Inherent to the life and growth of all believers is our awareness of the constant need for repentance. We repent daily and are thereby converted to Christ and the Gospel. Through our willingness to accept repentance and conversion as our graced lifestyle, believers become witnesses who invite others to draw nearer to God as well.
Paul, unlike Jonah, was enthusiastically invested in the spiritual well-being of those whom he called to repent and believe in Jesus. By his word and by the good example of his own continuous turning to God, he inspired many in Corinth (second reading) and elsewhere to appropriate, by faith, God’s gift of salvation.
When the Marcan Jesus (Gospel) recruited disciples to join him in his efforts at preaching the message “Repent and believe in the Gospel,” he also offered them a missiology. With his invitation, “Come after me and I will make you fishers of people,” he called them to embrace repentance and faith as their way of life and then to extend the same blessing to others by word and example. Of all the images he could have chosen, Jesus chose the image of fishing. Obviously this was a profession familiar to those he called to follow him, but there are many good lessons that any disciple might learn from someone who fishes for a living.
Regardless of whether she fishes with a net or a pole, with lures or by chumming the waters, the fisher must go to where the fish are and offer them something that will entice them to take the bait. Disciples, too, can be more effective when they are willing to be mobile. Often this requires leaving the comfort of the institution to venture into those public and private places where people live their lives. Disciples have been entrusted with the “bait” of the good news, which becomes more attractive when it is paired with their own good example.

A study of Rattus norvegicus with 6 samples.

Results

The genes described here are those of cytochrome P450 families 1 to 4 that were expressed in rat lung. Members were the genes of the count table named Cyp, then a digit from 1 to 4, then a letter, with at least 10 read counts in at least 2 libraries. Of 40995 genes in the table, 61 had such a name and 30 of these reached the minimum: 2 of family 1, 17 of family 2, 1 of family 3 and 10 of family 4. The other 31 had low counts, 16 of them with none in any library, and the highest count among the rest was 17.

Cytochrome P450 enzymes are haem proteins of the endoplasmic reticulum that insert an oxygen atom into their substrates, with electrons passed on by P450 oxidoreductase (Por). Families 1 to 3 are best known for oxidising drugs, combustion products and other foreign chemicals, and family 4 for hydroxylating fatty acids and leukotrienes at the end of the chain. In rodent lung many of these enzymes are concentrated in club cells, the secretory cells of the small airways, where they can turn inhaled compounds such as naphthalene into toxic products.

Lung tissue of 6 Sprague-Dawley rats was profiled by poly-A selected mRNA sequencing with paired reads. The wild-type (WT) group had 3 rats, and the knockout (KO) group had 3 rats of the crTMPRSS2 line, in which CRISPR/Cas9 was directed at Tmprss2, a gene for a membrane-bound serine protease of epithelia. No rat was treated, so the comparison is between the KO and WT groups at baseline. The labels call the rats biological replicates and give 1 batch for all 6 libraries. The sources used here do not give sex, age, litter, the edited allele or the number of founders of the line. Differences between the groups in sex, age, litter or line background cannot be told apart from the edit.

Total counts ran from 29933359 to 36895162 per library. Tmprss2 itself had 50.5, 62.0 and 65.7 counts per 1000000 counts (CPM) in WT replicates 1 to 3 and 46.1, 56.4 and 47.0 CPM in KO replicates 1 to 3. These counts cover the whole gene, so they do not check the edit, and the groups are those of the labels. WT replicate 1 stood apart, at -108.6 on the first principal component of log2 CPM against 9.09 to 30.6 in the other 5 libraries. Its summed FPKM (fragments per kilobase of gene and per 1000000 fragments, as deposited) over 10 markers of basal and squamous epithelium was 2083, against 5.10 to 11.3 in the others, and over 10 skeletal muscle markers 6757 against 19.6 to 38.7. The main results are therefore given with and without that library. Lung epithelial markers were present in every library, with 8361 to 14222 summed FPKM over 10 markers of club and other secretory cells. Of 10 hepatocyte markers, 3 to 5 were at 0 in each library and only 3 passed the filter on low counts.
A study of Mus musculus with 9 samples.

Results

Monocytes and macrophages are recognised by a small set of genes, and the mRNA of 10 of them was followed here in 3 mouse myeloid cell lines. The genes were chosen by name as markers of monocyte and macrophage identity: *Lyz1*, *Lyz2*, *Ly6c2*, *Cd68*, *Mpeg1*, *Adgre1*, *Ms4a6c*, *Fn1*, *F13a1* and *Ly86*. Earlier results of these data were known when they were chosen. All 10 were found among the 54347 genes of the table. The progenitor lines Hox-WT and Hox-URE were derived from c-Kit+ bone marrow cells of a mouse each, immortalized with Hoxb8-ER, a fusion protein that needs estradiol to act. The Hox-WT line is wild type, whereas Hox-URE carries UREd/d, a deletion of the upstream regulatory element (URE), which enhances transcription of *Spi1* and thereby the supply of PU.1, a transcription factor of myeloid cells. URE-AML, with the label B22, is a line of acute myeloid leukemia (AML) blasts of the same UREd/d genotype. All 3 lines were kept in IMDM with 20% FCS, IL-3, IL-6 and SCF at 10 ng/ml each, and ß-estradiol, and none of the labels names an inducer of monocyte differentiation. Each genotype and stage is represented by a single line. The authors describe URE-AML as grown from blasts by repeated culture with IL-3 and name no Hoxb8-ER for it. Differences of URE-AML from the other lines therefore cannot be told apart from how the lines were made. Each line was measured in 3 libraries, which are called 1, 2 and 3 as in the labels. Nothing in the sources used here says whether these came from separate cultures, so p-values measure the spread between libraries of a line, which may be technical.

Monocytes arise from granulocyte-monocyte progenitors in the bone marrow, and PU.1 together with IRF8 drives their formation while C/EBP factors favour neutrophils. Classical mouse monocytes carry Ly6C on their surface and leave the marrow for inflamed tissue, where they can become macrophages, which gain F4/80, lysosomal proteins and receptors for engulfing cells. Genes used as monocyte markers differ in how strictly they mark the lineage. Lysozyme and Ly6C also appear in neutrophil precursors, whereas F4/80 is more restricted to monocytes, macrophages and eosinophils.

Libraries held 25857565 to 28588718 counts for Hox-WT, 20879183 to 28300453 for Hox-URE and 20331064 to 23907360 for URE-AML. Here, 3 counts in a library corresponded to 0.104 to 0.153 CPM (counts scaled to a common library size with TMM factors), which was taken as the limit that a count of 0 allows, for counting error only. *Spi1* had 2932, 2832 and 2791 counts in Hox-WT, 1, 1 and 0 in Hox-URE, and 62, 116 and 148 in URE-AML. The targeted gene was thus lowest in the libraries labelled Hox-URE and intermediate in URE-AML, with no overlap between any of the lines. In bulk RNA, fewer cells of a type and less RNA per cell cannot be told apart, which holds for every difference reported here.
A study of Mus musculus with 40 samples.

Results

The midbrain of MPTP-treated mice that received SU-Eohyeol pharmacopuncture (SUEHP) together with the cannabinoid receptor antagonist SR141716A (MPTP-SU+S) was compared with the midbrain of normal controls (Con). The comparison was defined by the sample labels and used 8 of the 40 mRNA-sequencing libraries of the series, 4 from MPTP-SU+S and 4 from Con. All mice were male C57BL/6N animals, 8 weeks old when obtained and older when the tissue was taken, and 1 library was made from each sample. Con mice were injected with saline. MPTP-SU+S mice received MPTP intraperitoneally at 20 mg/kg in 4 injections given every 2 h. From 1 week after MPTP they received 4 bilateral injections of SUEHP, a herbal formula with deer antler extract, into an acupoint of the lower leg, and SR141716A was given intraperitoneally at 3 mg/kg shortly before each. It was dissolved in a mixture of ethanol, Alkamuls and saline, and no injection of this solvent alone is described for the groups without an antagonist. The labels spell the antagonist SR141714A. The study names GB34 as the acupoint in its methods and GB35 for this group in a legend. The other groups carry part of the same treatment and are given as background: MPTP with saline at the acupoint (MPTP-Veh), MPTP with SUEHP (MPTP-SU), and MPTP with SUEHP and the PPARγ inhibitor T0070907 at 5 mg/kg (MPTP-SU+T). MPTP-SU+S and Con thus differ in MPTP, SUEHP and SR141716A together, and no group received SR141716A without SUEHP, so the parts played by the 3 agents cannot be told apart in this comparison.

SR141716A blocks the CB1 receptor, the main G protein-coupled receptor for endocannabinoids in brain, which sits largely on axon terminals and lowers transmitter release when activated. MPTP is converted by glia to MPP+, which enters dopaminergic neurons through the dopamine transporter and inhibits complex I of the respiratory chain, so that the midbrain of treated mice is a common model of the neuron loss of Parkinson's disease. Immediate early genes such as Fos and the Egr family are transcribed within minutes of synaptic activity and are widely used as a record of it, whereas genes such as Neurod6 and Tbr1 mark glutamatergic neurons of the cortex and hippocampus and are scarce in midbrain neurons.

Another lesson disciples might learn from fishers is to work without discriminating as to the worthiness of others. There is no sign at the end of a fishing line that says, “Good fish only,” nor can disciples have any prejudice as they follow their commission to tell the good news of salvation.
Fishers do not keep regular hours. Fish do not make appointments, so those who gather them must accommodate their “schedules.” Preachers who allow themselves to be available to their congregations in a similar way can deepen the bond between themselves and the people in the pew.
Those who fish successfully are also persistent. They will bait the hook again and again, cast the line many times and lower the nets for as long as it takes for the fish to come. Along with their persistence, fishers have cultivated the art of waiting. Fishers of people are also called to be persistent in their efforts. As they preach, they will also learn to wait for the seed of that message to take root and grow in others. But even waiting can have significant value if the one who waits does more than twiddle his thumbs or criticize the sinner who is taking so long to change. More positive and productive is the one who fills her waiting with prayer and hope and trust that God’s grace can eventually bring sinners to repentance and faith.
[Patricia Sánchez holds a master’s degree in literature and religion of the Bible from a joint degree program at Columbia University and Union Theological Seminary in New York.]